There are times when each of us needs a helping hand or two in life.
In order to bring her disabled son home from a care facility in Allentown, Bethel resident Linda Warbington is in need of help with the installation of a ramp outside of her home.
On Sept. 1, 2011, Linda, son Brandon, daughter Ashley, and her aunt were involved in a car accident linked to a domestic violence case while in New Jersey. The driver of the vehicle containing Linda, Brandon, and her aunt ran head-on into an F-150 Ford truck. Following the beatings and the accident, her son was diagnosed with a severed spinal cord, a hematoma on the brain stem, and front lobe damage.
Doctors informed Linda that her son’s future was very bleak, stating that his head was one entity and his body was another and that the two didn’t communicate anymore. But Brandon, who was 4 years old at the time of the incident, has proved the doctors wrong.
“We were told Brandon would be brain dead and a vegetable,” said Linda. “He would never move anything from his lips down. He has moved all his extremities.”
Recently, Brandon has been coloring with his teacher at the facility.
“What they do is the teacher will put Brandon’s hand on top of hers and he’ll wiggle it side to side and she’ll color for him,” said Linda.
And Brandon has likewise proved the doctors wrong in regards to his brain function. Linda said he uses his eyes to communicate while playing games and likewise uses eye motions to tell his teachers which games he would like to play and the color of crayon he would like to use when coloring.
With her son having surpassed doctors’ expectations, Linda wants to return Brandon to his home in Bethel. But her house needs modifications before she can bring him home.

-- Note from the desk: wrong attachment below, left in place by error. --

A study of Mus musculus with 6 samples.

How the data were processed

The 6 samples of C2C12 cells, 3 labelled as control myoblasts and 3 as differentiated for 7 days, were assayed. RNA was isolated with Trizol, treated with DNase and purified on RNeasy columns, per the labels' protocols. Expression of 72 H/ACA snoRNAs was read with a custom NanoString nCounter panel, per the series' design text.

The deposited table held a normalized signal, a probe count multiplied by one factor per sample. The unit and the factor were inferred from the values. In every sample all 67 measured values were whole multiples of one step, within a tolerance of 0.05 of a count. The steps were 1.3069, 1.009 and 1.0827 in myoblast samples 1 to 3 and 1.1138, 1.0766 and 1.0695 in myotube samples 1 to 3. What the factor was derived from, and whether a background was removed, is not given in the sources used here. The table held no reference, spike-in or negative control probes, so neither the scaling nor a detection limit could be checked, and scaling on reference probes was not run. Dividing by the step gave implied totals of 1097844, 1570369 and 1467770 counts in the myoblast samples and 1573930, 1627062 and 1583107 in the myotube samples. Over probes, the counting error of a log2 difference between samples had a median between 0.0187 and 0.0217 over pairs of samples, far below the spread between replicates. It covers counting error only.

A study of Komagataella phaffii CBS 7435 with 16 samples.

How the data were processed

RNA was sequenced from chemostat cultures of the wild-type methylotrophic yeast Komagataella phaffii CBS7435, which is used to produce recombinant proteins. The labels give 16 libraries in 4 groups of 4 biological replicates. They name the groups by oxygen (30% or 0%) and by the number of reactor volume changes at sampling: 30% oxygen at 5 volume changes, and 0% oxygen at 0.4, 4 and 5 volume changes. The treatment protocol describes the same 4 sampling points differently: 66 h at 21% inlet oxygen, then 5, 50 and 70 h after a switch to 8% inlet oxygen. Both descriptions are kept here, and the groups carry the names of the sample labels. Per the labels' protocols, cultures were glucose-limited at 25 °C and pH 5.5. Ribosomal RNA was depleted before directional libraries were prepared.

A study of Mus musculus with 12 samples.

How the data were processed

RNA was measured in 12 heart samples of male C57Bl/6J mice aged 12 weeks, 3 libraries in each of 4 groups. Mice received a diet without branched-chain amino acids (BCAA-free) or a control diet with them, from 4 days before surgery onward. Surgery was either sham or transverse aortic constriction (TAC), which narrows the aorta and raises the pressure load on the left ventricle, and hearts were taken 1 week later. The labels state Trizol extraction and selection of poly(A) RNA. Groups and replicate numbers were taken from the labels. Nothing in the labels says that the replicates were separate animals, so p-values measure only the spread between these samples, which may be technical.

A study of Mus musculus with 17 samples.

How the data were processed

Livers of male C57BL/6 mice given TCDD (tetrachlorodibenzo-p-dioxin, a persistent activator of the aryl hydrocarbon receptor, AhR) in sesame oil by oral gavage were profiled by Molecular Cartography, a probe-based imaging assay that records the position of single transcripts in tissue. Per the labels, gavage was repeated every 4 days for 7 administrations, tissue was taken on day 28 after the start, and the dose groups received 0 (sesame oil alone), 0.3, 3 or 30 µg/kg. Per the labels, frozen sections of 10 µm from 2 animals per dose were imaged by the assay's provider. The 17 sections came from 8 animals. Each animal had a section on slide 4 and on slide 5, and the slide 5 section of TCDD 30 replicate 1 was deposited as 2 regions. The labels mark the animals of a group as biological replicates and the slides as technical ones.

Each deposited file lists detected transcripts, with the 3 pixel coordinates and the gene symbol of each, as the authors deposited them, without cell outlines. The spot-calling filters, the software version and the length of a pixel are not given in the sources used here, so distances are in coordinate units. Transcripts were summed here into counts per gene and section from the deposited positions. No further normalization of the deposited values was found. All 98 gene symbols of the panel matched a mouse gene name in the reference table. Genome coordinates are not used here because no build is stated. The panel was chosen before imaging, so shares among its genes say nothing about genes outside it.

“They need to do modifications to the house for him to come home,” said Pottstown resident Jim Folk, who is a longtime friend of Linda and a co-founder of Brandon’s Angels, a Facebook page devoted to the boy. “He needs a generator in case the power goes out because he’s on a ventilator. They need to build a ramp for the house so we can get the wheelchair in.”
According to Linda, the ramp is the one thing holding her back from bringing home her son, who is on a ventilator, and has a tracheal tube and a feeding tube in his stomach.
“I can make accommodations for anything else, but the big thing that’s hindering us is the ramp,” said Linda. “The little things on the inside, like for him to shower, that’s all stuff that can be done.”
Folk said that Linda could also use VISA gift cards as she spends a lot of money on gas driving to and from the facility where Brandon is staying, which is an hour away from her home. Also, she is currently unemployed due to spending most of her time with her son, along with time spent in counseling for domestic violence and for post-traumatic stress disorder due to the accident.
Folk also said Brandon is in need of clothing such as boys short pants pajamas, shirts, and long socks so he can wear his leg braces.
“Every month we’re constantly having to get clothes,” said Linda. “He doesn’t even get to wear it out. So what we do is we donate what he grows out of back into the facility. Whatever we can’t use we make sure it gets used somewhere.”
But, regardless of how someone may help the family, Linda said even small tokens of kindness mean a lot. The first thing Brandon received after he was in the hospital was a stuffed animal monkey and the toy has been by his side since he received it from a friend of the family.
“Sometimes just that little stuffed animal, or that card, or a picture makes a difference,” she said.
To help in regards to the ramp for Linda’s home or in any other way, visit the Facebook page at www.facebook.com/helpingBrandon. There is also a setup in the Wells Fargo in Pottsville for Brandon’s Angels where donations can be dropped off.